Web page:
February 26, 2012 (KHARTOUM) – The Sudanese economy could shrink by as much as 4.5% this year given the deteriorating situation after the secession of the oil rich south, an international economist told Agence France Presse (AFP).
- People count their money after receiving the new Sudanese currency at a branch of the Central Bank of Sudan in Khartoum July 24, 2011 (Reuters)
"They’ve lost that [oil] income. It’s gone for good," said an international economist who declined to be identified.
The budget deficit is estimated at about $8 billion between 2011 and 2015, said the economist, he also said that he sees the economy contracting by 4.5% this year.
According to a 2011 report by the International Monetary Fund (IMF), oil revenue constituted more than half of the Sudan’s revenue and 90% of its exports.
But with the partition of the country into north and south, the latter took with it 75% of the oil reserves putting Khartoum in a tight spot economically particularly in terms of income and hard currency used to import basic food items.
To makes matters worse, the two countries failed to agree on the fees that landlocked South Sudan should pay to export its oil using the north’s pipelines, which extend all the way to the Red Sea coastal city of Port Sudan.
As the talks dragged on, Khartoum decided late last year to seize part of South Sudan’s oil as a form of payment on what it claimed are outstanding invoices. Juba retaliated by completely shutting down its oil production.
The move, observers feared, pushed the two countries closer to war. All attempts made by regional countries and the African Union (AU) to reverse the decisions taken by Khartoum and Juba on oil have not been successful.
Experts say that even if South Sudan decided to resume production, it would take months for the oil to flow normally for technical reasons.
Until then, the two countries have to look for other sources of income to weather the economic storm arising from the oil shut down.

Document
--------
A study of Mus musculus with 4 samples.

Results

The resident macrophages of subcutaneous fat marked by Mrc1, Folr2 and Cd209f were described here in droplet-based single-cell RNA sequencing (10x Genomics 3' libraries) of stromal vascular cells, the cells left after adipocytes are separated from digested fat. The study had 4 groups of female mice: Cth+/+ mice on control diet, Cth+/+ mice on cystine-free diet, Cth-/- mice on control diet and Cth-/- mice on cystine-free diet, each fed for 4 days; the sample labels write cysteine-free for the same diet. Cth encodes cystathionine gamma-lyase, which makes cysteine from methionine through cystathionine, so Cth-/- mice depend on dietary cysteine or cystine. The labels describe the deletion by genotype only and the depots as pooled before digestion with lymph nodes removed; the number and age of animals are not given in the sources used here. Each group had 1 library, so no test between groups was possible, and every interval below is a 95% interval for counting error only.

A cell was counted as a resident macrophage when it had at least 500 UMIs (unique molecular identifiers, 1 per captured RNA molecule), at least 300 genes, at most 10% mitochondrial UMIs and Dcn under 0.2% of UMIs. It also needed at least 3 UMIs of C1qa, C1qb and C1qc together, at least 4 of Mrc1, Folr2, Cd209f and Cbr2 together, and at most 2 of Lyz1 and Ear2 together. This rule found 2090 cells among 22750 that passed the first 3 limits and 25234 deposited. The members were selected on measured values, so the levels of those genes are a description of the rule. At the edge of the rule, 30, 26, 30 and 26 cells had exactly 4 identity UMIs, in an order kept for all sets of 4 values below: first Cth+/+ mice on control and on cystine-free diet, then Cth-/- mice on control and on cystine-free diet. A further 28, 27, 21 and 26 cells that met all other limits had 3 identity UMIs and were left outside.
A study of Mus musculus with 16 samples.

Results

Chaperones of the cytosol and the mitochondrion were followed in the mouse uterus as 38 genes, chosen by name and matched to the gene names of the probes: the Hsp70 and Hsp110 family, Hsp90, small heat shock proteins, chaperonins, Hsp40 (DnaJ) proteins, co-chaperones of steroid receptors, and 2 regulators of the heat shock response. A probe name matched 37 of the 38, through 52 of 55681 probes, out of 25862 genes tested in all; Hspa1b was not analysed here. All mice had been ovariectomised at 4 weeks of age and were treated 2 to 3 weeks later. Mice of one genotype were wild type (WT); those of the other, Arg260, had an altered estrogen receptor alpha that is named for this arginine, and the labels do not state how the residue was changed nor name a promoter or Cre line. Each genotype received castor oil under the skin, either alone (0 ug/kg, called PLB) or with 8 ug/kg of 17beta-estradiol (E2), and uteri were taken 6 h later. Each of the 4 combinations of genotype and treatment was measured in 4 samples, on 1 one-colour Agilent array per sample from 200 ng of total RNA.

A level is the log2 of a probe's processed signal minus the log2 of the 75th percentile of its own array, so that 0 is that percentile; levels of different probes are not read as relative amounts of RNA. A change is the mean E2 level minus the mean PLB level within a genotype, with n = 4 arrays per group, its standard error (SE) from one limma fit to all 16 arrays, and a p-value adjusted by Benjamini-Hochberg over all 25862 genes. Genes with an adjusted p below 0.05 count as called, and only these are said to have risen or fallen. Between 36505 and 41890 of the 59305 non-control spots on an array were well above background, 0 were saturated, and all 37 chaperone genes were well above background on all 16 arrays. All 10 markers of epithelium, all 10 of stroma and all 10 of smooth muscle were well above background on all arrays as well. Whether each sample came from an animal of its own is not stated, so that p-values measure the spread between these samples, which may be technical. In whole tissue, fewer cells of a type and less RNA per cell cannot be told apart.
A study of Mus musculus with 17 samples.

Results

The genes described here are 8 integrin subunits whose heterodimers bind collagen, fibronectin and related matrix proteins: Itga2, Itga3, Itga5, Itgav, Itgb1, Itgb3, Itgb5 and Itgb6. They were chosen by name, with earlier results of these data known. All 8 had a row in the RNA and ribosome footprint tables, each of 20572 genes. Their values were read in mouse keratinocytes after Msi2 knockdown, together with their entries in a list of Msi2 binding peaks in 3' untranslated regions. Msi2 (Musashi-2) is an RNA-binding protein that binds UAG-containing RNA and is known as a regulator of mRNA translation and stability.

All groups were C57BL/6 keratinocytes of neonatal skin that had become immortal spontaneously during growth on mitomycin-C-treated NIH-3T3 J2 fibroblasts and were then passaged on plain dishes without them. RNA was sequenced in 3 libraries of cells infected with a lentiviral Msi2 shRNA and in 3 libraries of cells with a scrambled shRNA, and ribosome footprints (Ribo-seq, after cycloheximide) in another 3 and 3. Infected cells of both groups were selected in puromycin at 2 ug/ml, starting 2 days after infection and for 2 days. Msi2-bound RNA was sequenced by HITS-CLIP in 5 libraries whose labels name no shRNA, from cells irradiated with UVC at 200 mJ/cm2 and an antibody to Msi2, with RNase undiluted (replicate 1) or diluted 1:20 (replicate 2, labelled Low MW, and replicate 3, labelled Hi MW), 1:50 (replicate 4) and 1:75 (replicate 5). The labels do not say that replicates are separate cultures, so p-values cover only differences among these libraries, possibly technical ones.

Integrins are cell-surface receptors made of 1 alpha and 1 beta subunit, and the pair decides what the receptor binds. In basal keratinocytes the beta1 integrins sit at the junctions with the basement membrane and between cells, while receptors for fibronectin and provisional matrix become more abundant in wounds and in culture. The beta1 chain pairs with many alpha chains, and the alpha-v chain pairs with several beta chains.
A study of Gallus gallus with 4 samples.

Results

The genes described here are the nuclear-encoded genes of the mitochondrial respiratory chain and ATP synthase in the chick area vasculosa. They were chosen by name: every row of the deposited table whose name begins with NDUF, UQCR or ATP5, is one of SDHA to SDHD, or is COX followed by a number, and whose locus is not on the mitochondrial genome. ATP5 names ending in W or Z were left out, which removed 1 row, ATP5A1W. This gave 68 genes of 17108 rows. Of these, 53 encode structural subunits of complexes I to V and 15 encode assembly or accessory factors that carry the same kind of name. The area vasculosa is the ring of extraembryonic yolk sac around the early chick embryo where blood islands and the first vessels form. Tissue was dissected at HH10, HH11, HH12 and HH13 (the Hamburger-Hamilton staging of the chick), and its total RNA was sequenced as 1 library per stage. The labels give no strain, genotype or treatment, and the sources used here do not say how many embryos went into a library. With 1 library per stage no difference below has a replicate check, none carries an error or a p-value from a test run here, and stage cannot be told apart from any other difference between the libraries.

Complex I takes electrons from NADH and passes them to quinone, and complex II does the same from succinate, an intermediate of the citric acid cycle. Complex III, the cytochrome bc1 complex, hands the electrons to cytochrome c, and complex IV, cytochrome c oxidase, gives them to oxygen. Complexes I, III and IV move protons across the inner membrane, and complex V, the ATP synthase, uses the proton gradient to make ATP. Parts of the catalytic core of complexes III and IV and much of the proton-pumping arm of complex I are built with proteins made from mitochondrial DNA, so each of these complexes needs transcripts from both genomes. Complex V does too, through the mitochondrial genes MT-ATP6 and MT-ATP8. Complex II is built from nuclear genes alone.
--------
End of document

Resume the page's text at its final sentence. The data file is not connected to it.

But for Khartoum the challenge is compounded by the need to support a large bureaucratic machine and multiple security organs viewed as crucial to maintain the government’s grip on power amid multiple insurgencies in different part of the country.
"The situation is deteriorating further and further," and the economy is in crisis, says University of Khartoum economist Mohamed Eljack Ahmed. "Life has become very difficult."
"The prices of drugs are now increasing dramatically," he said.
According to Sudan’s official media outlets, inflation hit 19% last month, and analysts say it could go higher.
Lacking other immediate ways to finance its deficit, economists say the government may resort to printing money, causing more inflation and further weakening the Sudanese pound.
Roughly $38 billion in foreign debt, along with US economic sanctions, limits Sudan’s access to external financing.
The government maintains a fixed exchange rate at about 2.7 pounds for one US dollar but the black market rate has been well above 4.0 since late last year. More recently it has hovered around 5.0.
"Nowadays we are all buying dollars," in expectation of later profits on the further weakening of the pound, said one money trader working illegally on a downtown street.
"There is a shortage of dollars in the market," said another dealer, whose clients include importers in need of the cash.
Sudanese authorities imposed tough restrictions on purchasing foreign currency on individuals. It also hampered the ability of corporations to repatriate its profits abroad.
With the government tightly rationing foreign currency, even well-connected businessmen can’t get it through official channels, said the international economist.
Khartoum aims to roughly double its truncated oil production this year while earning $2.5 billion from gold and targeting higher exports of cotton, sugar and other commodities.
But economists say the plan seems unworkable in the short term.
Ahmed says agricultural infrastructure, once the country’s economic mainstay, has collapsed and neither farmers nor industrialists have an incentive to operate.
Under an emergency three-year programme announced in June, Khartoum plans to cut spending and widen the tax base.
However, for political reasons the government cannot broaden the tax base, Ahmed said, because of exemptions given to "certain persons, certain families and organisations".